Dominicans have their own set of customs for celebrating Christmas and the arrival of the new year, such as their intriguing tradition of jumping backwards into the sea to leave their bad luck behind in the year that is drawing to a close.
The Dominican Republic is renowned for its almost permanent summer. Christmas is enjoyed with great enthusiasm over with locals celebrating the event from late October onwards. In the Caribbean, houses and shopfronts are adorned very early with warm and bright Christmas decorations. Dominicans enjoy a lengthy festive period, with Spaniards fascinated by several of their popular customs and traditions that are associated with this time of year. Keep reading to discover some of them.
- ‘Angelitos’ instead of Secret Santa
In the Dominican Republic, the popular tradition that we know as ‘Secret Santa’—in which gifts are anonymously exchanged within a group of friends—is referred to as ‘Angelitos’ (Little Angels). Both traditions have the same origin, dating back to the gifts given by the Three Wise Men at the birth of Jesus Christ.
- Merengue and Christmas carols
Music is intrinsically linked to Dominican culture, and also plays a fundamental role in Christmas celebrations. During the festive period, Dominicans love nothing more than enjoying their most popular music genre, merengue, on the streets. As with many countries, Christmas carols are also performed live. In houses, meanwhile, families and friends often gather to listen and dance along to the Merengue Christmas Special, which has been broadcast by the radio station Cima for over 30 years. To celebrate Christmas’ magical ability to bring families together (even if only for a few days), including relatives who now live in other countries, a special song is often sung: ‘Volvió Juanita’.
- Many homemade delicacies
Dominicans have a really sweet tooth, so tt should come as no surprise that sweet dishes are a real staple of the Christmas diet. Punch, bread pudding, flan and sweet potato bread are just some of the most popular homemade desserts. While we’re on the subject of gastronomy, we can’t go without mentioning some of the most traditional Christmas dishes. These include spit roasted pork, baked pork leg, ‘pasteles en hoja’ (plantain and beef pockets) and ‘moro de guandules’ (a traditional rice dish with pigeon peas, coconut milk and sofrito). Any of these can be enjoyed with telera, a huge 30-inch long piece of bread!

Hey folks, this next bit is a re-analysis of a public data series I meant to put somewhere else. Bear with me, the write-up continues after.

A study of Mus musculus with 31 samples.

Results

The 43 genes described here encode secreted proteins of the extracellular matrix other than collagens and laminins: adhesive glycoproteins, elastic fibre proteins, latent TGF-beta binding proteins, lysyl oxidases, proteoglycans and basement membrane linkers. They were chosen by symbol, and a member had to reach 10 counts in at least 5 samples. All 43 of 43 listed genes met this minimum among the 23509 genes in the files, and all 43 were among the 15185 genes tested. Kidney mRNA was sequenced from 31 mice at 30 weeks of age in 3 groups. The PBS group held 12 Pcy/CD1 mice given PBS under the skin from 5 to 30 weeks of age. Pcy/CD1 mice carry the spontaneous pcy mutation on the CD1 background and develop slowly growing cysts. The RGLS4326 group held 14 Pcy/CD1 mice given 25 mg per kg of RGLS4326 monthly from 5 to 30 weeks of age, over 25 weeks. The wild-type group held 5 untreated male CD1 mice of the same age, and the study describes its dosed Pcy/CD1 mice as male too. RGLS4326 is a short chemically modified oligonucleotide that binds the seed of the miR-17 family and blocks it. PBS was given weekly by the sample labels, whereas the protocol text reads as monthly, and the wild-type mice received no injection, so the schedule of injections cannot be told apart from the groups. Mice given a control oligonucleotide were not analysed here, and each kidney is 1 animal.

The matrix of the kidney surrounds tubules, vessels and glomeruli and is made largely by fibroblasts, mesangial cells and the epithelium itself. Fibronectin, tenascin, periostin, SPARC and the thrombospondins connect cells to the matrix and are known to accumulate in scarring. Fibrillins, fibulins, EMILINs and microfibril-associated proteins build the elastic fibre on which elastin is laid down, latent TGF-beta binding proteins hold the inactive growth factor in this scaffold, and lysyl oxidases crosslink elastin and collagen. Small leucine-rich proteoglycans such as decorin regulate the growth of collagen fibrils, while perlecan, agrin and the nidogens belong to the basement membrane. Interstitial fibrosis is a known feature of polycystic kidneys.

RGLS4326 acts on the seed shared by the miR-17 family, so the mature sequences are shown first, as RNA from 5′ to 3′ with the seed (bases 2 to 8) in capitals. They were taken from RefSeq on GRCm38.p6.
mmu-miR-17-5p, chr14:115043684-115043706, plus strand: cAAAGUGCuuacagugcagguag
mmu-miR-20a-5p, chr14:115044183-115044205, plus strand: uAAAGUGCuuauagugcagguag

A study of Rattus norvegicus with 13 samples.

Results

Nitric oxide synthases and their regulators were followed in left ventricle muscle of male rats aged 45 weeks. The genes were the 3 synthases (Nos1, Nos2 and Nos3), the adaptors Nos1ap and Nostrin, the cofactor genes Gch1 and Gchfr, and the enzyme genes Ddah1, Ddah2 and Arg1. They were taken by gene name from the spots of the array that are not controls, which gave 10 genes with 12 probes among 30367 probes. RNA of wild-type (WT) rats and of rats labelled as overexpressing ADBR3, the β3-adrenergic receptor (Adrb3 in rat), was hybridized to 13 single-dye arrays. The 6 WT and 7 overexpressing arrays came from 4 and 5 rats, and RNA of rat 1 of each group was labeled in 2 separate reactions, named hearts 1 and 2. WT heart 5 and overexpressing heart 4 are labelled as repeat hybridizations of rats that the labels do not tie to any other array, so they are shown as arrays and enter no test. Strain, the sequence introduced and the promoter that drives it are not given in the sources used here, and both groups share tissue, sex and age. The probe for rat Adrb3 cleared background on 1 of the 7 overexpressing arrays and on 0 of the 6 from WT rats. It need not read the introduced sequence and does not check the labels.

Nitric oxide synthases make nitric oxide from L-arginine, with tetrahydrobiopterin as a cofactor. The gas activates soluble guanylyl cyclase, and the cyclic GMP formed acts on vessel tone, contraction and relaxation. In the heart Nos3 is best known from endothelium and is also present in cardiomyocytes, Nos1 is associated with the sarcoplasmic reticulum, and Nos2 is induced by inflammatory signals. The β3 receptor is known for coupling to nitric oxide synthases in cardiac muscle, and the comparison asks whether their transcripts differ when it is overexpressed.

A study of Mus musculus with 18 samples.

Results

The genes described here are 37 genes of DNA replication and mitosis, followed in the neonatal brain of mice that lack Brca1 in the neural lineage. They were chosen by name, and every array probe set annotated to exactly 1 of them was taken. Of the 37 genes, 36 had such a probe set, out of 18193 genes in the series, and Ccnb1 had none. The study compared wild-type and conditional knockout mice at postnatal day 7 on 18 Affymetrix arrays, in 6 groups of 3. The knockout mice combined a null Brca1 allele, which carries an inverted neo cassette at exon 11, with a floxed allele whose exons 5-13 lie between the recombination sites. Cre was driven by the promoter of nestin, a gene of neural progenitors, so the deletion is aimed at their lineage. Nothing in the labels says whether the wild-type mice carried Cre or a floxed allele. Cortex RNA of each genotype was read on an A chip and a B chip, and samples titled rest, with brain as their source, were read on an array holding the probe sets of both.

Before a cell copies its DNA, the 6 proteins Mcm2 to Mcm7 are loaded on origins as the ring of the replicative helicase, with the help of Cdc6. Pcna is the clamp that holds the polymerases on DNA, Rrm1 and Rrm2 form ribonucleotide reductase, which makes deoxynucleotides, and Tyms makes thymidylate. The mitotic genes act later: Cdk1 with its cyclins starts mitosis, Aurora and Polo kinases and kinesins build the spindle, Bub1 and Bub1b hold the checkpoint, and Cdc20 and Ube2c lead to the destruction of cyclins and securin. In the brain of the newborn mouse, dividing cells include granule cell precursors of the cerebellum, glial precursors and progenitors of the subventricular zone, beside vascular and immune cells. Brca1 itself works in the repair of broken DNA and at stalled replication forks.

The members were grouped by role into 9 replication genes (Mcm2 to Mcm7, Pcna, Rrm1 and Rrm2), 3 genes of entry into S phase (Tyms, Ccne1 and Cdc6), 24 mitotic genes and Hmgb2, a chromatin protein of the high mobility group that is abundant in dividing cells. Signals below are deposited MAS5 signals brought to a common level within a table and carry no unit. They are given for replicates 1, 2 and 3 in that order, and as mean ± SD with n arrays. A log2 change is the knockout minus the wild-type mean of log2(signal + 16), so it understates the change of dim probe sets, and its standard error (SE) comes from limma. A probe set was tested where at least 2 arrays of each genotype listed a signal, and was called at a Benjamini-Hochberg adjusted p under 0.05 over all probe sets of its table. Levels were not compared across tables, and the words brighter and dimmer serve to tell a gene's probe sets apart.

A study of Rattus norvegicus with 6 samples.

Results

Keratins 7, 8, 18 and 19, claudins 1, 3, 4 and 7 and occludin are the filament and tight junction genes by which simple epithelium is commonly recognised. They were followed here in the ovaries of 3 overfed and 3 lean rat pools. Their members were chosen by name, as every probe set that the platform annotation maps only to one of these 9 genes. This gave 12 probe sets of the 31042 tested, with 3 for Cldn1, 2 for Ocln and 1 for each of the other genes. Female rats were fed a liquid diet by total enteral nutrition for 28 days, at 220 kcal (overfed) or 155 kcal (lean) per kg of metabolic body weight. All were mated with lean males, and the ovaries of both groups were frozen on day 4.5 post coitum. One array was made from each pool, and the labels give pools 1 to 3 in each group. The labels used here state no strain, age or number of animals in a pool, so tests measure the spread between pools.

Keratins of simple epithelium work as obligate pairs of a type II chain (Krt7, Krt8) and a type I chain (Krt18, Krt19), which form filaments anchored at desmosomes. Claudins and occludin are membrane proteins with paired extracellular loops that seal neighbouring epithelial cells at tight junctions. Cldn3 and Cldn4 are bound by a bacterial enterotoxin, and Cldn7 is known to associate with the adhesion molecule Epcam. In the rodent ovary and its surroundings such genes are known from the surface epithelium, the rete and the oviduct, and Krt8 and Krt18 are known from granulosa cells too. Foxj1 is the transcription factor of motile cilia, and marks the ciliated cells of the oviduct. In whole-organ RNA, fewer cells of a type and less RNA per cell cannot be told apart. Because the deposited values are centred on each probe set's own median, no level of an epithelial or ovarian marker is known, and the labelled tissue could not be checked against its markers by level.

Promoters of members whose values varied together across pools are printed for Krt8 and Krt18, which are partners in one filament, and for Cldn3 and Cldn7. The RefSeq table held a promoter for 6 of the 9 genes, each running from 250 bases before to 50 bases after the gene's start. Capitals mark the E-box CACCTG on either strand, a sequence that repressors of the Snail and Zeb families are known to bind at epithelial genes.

- Empty suitcase to travel in the new year
The most anticipated moment of the Dominican festive period is, quite possibly, the evening of 31st December. The whole family gets together to ring in the new year and wish each other the best of luck for the upcoming 12 months. One intriguing custom is to walk around the block with an empty suitcase, collecting positive energy that will allow the person carrying it to travel in the new year. Another is to eat 12 grapes in the final twelve seconds before the clock strikes midnight, as celebrated in Spain. Incense is often burned for good luck, while many people opt to jump backwards into the sea to leave their bad luck behind in the year that is drawing to a close.
New Year in the Caribbean
Travelling to the Dominican Republic at this time of year is an extraordinary opportunity to discover how Christmas is celebrated in a different culture. It also poses a great opportunity to mark the start of the new year in a different manner, far from the biting cold that inhabitants of the Northern Hemisphere have to suffer in December.
Santo Domingo, Punta Cana, Bayahibe, Samaná and Puerto Plata are some of the possible destinations where you can enjoy the wonderful climate of the Dominican Republic as you see in the new year, welcoming 2020 as you’re immersed in the locals’ contagious joy.
“Winter” holidays in the Dominican Republic
Besides celebrating Christmas and the new year as the locals do, tourists can also experience various leisure activities during the months of November and December.
Below is a short list of some of the things you can do in the Dominican Republic during your “winter” holidays under the Caribbean sun.
- Visit the Manatee Marine Sanctuary in the Estero Hondo National Park (Puerto Plata), which is considered to be the largest manatee refuge. Manatees are an endangered species and indigenous to the Dominican Republic and are considered an endangered species.
- Delve into the fascinating underwater archaeology reserves of Bayahibe, where 18th century galleon wrecks discovered by marine biologists have been recreated.
- Enjoy Santo Domingo de Fiesta and its iconic nightlife and folklore, which is sponsored by the country’s Tourist Board on Friday and Saturday evening at 7.00pm. Free concerts are also held on the concourse of the Plaza de España.
- Learn to surf at Playa de Macao (Punta Cana), where surf classes are given every weekend.